Bill Seeks to Arm FDA with Full Drug Recall Power And More Over the Counter Regulatory Control
Posted Aug 05 2010 6:56am
This looks like some of the areas I have been writing about in reference to recall matters and the safe shipping and documentation of drugs. The bill would also give the FDA authority to recall and not just send warning letters out asking for recall, they would be able to actually police the efforts. If you remember the Heparin problem, use the link below and see what I suggested over a year ago with using technology. I spent many years in the logistics business and there are what is called a “blind shipment” so you have go back and trace the data trail as the actual product may only list the drug company’s headquarters and the same happens on bills of lading too in some instances.
In addition a group of servers could be set up to receive information on each lot for compliance and quality control. That would also help direct agents from the FDA on where to search as well for problems. More on blind bills of lading below as this pertains to both food and drugs.
As you can read, currently the FDA sends letters and recommends recalls and most cooperate but this would give the FDA first hand authority to demand. You can read below how the same technology would help identify counterfeit drugs too so if the bill goes through, we would have a better working relationship with technology shared between the DEA and FDA for enforcement too, good thoughts here. There’s a permanent link at the top of the blog to find a large summary on the topic.
If Congress is going to pass the bill, then give the government agencies and all others concerned the technology tools to make this work and not just a big stack of text that everyone spends hours trying to interpret. BD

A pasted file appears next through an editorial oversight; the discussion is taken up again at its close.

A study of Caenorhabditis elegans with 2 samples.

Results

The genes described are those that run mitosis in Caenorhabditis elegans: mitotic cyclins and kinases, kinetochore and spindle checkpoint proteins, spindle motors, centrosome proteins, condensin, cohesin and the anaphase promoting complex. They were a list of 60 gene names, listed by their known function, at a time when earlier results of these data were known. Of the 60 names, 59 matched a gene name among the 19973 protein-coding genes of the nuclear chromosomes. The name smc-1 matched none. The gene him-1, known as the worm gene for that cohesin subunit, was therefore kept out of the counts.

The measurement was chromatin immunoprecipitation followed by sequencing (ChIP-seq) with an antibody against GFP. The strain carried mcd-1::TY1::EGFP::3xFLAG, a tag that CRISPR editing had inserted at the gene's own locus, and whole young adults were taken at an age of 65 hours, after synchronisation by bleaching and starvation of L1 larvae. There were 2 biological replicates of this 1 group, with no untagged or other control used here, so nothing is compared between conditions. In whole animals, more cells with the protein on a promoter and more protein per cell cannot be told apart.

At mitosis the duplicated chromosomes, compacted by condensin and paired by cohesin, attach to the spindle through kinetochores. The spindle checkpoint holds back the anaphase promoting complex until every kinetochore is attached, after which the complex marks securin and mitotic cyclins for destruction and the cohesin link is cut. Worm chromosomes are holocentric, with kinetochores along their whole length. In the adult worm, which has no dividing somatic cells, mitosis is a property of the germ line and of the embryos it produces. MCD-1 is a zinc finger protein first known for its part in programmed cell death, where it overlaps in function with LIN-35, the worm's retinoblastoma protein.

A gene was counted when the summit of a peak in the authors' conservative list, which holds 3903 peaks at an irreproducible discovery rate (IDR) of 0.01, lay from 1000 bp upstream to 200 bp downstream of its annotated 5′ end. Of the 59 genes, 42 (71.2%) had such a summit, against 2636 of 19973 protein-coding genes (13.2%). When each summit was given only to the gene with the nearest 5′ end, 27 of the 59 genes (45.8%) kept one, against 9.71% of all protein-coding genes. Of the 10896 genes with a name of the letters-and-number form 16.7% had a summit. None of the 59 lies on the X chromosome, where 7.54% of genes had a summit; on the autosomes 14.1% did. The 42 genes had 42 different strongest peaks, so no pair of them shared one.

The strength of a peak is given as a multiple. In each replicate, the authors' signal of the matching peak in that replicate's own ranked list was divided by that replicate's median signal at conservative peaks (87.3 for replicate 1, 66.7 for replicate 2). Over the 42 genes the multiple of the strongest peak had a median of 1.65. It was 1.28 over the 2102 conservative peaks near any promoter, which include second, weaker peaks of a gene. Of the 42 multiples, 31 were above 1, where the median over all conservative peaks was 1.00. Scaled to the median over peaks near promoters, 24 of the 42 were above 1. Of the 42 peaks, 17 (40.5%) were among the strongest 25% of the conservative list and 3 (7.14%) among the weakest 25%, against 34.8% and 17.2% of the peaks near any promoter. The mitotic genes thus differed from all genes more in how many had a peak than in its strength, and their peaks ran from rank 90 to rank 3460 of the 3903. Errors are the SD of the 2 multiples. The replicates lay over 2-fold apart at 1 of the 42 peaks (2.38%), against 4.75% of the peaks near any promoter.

A newly proposed bill intends to empower the Food and Drug Administration with the authority to recall potentially dangerous drugs. The Drug Safety and Accountability Act of 2010 was introduced by Colorado Senator Michael Bennet this week. Currently, the FDA can issue warnings about safety concerns of a certain drug and then recommend that the manufacturer initiate a recall. If the bill passes, the regulatory agency will have the power to recall drugs it considers to be dangerous.
The bill also seeks to strengthen drug manufacturing standards and closely track their pathway into the U.S. It would require companies to implement quality management plans and mandate more rigorous documentation processes for the origins and handling of imported drugs.
Many legislators have expressed concern over the lack of FDA authority over drug regulation. In a letter to the FDA commissioner in May, Iowa Senator Tom Harkin, the chairman of the Senate Committee on Health, Education, Labor and Pensions, asked the agency if “as a public health agency whose mission is to protect the American public, you have sufficient authority to prevent and respond to contamination of the drug supply.”